How Do You Own Your Family Business?


In your family business, who gets to be an owner?

It’s an important question to ask because when the time comes (and it will) there will be a change in ownership structure.

This process is called succession and it’s no secret that any enterprising family that hopes to remain so should have a plan.

We’ve all heard tales of aging CEOs who are reluctant to relinquish control of the business they’ve built from scratch.

Stories of “freeloading” family members, bitterly at odds with fully engaged family business members, are the stuff of legend.

Family Business Ownership

It’s ironic that family business ownership can be simultaneously a source of friction, identity, and purpose for families.

That doesn’t matter. What does are the ways to soothe nerves when it comes to changes in family business ownership.

We set up a family council, which helped

More than a decade ago, Roger and Lesley Gillespie, a couple who founded Australia’s Bakers Delight in 1980, transitioned their international bakery franchise into the hands of their offspring.

“The early days were easier,” their son Aaron Gillespie, president of COBS Bread, recalls. “It gets harder as you get to the crunch time.”

Today, Gillespie’s sister and brother-in-law are joint-CEOs of Bakers Delight, which expanded to Canada in 2003, under the COBS Bread banner.

“We set up a family council to oversee the ownership of our main business, which really helped,” Gillespie says.


Business Ownership Models

The basic model is the owner-operator model. For this to work across generations, a family needs to decide how an owner-successor is chosen in a way that is considered to be fair.

Then there’s the partnership model. This is a common model where only leaders in the business can be owners and benefit financially.

The partnership model can be effective in next-gen scenarios where, say, three daughters inherit a business from their father.

As next gens, they expand the firm they’ve inherited into an even bigger company. Their partnership works because each contributes equally. They draw the same salaries and profit perks. All is well.

Then the third generation comes along. Two sisters invite their sons to join the business but the third sister’s son is not invited. His mother rejects this and moves to prevent her sisters’ children from entering the business.

The partnership’s rules require owner consensus and the deadlock results in the sale of the business. It happens. Which brings us to the distributed model.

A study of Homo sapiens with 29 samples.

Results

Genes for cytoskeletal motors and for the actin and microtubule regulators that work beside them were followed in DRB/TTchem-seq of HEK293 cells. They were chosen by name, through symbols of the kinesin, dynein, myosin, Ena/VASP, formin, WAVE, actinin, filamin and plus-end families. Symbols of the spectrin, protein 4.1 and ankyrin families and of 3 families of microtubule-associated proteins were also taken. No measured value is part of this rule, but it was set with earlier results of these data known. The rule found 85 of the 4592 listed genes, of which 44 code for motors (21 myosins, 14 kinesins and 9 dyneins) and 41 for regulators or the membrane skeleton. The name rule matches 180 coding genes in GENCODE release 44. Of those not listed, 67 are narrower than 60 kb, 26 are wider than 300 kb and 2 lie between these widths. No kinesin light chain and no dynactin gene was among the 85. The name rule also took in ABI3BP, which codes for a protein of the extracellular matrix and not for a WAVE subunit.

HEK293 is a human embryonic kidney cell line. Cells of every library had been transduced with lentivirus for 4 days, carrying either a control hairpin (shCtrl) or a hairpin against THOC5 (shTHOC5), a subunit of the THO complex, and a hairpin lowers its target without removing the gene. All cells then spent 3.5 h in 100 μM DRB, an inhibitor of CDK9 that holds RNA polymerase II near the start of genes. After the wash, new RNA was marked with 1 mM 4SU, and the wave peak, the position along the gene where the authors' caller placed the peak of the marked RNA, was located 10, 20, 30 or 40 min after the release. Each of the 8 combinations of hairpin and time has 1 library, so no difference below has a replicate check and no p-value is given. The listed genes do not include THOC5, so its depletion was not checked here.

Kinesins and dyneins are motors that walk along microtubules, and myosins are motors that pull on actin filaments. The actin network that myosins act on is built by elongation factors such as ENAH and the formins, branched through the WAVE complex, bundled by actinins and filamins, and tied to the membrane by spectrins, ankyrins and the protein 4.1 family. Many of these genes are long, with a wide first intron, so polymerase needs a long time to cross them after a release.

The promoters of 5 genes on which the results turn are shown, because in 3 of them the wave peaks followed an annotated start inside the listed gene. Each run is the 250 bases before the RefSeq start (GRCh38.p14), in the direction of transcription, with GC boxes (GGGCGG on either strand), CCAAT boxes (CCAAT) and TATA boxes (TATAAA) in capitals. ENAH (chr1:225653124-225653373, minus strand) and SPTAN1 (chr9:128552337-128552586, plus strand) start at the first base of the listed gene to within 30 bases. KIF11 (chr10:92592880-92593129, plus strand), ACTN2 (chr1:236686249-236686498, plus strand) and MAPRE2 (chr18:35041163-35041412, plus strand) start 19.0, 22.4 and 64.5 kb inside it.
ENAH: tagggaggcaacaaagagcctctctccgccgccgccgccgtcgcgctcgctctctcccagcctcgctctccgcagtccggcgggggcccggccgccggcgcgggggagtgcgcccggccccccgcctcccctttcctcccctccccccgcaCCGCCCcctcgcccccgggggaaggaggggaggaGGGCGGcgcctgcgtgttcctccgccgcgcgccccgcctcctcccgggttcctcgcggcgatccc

Had the sisters opted for a distributed model, where ownership is passed down to most or all descendants, whether or not they work in the company, the family business could have stayed in the family.

Distributed Business Ownership

The distributed model allows siblings to reconcile because all family can become owners while changes in compensation policy can reward those who contribute directly to the business.

The distributed model is popular but imperfect because family working in the business often disagree with family outside the business, especially on compensation and profit-sharing.

Fortunately, the nested model can help different family branches agree on joint and separate ownership of assets. This model, where smaller family ownership groups sit inside larger ones, is useful when conflict in preferences blocks decision-making on shared assets.

In this model, the family runs the core business as a profit-making operation and distributes dividends to the branches, which use the money how they see fit. The risks? Underfunding of the core business to finance the outside investments.

Last is the public model, where a portion of the shares are publicly traded. In this model, the family business behaves like a public company yet remains privately held. The business is run by professional managers and the owners play a minimal role.

Families generally opt for this model when the business requires a healthy chunk of outside capital or when owners are too numerous or not interested in active decision-making.

Family business ownership has many options. Explore them. Choose wisely and the rewards will come.